By Troy Stangarone
In trying to sell Kim Jong-un on giving up his nuclear program, the United States and South Korea have tried to entice North Korea with the promise of a better economic future. As part of this push, the Trump administration has suggested that the U.S. private sector, along with China, South Korea, and Japan, will provide financial assistance to North Korea. However, it has also been made clear that no U.S. tax dollars will be used as an economic inducement for North Korea.
While the refusal to provide aid is in line with President Donald Trump’s desire to ensure that greater costs are born by other states, there is a practical reason why the United States will not provide significant aid to North Korea. The administration is limited in its ability to provide economic assistance.
When Congress legislates sanctions on foreign countries, it generally includes a provision in the legislation that allows an administration to waive the sanctions if it determines that doing so in the national interest. Most of the U.S. sanctions on North Korea contain national interest waivers, but in most cases they do not to apply to the prohibitions on providing aid to the regime in Pyongyang.
In recent years, Congress has inserted specific language into the annual appropriations legislation explicitly forbidding the use of funds for North Korea. These restrictions include credits, loans, or guarantees by the Export-Import Bank. While there are exceptions for humanitarian aid and some other circumstances, it is unlikely that Congress will change course and remove the prohibitions in the near future.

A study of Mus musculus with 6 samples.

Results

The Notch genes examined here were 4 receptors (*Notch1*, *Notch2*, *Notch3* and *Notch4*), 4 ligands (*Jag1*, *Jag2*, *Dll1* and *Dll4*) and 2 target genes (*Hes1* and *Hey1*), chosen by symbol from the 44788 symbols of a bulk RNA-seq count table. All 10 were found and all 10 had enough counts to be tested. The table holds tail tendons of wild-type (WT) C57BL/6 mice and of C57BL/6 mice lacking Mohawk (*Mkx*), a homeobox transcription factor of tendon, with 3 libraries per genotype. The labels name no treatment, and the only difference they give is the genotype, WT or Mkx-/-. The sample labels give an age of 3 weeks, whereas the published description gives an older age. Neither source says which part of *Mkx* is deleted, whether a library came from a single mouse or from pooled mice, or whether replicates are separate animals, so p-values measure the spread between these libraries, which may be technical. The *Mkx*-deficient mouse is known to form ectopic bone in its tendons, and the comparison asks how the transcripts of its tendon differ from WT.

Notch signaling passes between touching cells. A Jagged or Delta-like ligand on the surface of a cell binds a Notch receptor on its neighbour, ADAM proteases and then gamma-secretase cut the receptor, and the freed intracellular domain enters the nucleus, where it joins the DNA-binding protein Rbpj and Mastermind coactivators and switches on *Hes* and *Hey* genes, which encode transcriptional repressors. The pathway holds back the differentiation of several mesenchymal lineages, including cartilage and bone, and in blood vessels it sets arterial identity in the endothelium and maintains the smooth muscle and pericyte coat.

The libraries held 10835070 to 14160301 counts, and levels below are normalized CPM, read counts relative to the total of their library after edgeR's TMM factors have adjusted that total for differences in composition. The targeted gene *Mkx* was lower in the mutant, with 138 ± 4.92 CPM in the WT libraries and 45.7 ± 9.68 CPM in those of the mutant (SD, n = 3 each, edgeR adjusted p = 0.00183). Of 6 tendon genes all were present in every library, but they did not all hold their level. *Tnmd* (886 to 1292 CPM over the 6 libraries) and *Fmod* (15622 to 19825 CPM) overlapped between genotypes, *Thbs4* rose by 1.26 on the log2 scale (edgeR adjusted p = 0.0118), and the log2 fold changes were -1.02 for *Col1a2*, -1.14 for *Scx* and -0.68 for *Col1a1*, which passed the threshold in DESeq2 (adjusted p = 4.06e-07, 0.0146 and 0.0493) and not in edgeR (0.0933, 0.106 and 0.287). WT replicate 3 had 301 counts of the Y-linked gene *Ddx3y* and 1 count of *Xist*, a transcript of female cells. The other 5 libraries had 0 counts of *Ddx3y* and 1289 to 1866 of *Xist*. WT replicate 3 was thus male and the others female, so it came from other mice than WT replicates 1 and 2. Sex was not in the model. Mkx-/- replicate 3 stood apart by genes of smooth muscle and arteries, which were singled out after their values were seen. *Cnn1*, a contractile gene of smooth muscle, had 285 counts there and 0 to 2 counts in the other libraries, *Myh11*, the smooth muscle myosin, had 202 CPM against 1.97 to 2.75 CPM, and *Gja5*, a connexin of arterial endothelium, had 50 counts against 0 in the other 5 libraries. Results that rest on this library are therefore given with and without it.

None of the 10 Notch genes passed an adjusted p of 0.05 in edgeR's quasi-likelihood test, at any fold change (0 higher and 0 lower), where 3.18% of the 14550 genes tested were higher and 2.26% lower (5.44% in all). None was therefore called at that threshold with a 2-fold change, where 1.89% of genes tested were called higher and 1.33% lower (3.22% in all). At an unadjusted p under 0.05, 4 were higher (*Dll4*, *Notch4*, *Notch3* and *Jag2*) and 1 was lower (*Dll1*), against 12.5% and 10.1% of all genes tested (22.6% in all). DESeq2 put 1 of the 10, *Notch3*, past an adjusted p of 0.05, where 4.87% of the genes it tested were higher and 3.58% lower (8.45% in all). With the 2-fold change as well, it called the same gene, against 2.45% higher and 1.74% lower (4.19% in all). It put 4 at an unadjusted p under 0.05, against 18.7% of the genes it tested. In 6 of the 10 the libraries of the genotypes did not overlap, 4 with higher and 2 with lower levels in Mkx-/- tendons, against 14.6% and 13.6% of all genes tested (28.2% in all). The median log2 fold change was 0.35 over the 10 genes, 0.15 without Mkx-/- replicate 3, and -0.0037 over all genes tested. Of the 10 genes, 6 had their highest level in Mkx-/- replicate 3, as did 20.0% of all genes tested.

While the administration could request Congress grant it an exception to the prohibitions on aid or to remove them permanently, it would also need to persuade Congress to appropriate the necessary funds. Doing so could be challenging. If the United States intends to provide security assurances to the North Korean regime through a treaty in the U.S. Senate, as has been suggested by Secretary Pompeo, persuading Congress to also waive sanctions on aid will be dependent upon progress on the nuclear issue, and perhaps other issues. Even if the administration can secure an agreement with North Korea on the nuclear issue that would gain the support of two-thirds of the Senate that would be needed for passage of a treaty, Congress may be reluctant to appropriate funds for North Korea if progress is not made on issues that could include North Korea’s chemical and biological weapons programs, its cyber activities, and human rights.
The history of the Agreed Framework suggests that even if Congress agrees to appropriate funds there will be limits. As part of the Agreed Framework, the United States committed to providing 500,000 metric tons of heavy fuel oil a year until a light water reactor was completed. The Clinton administration had promised Congress that the costs would not exceed $30 million a year, and when they did the needed extra funds were not forthcoming. In the case of the Agreed Framework, the funds were designed to serve as a bridge to a new energy resource for North Korea. While it is reasonable to expect that if a deal is struck Congress might appropriate funds for dismantlement of North Korea’s nuclear program, funding that is focused on economic development as opposed to dismantlement is unlikely.
Practically speaking, the Trump administration does not have the authority to provide economic assistance to North Korea and is unlikely to seek it from Congress. It goes against Trump’s broader philosophy and is something Congress would most likely be reluctant to provide. While North Korea will need assistance in developing its economy, there is unlikely to be political support in the United States in the near future for economic aid for North Korea.
Troy Stangarone is the Senior Director for Congressional Affairs and Trade at the Korea Economic Institute of America. The views expressed here are the author’s alone.
Photo by Pictures of Money on flickr Creative Commons.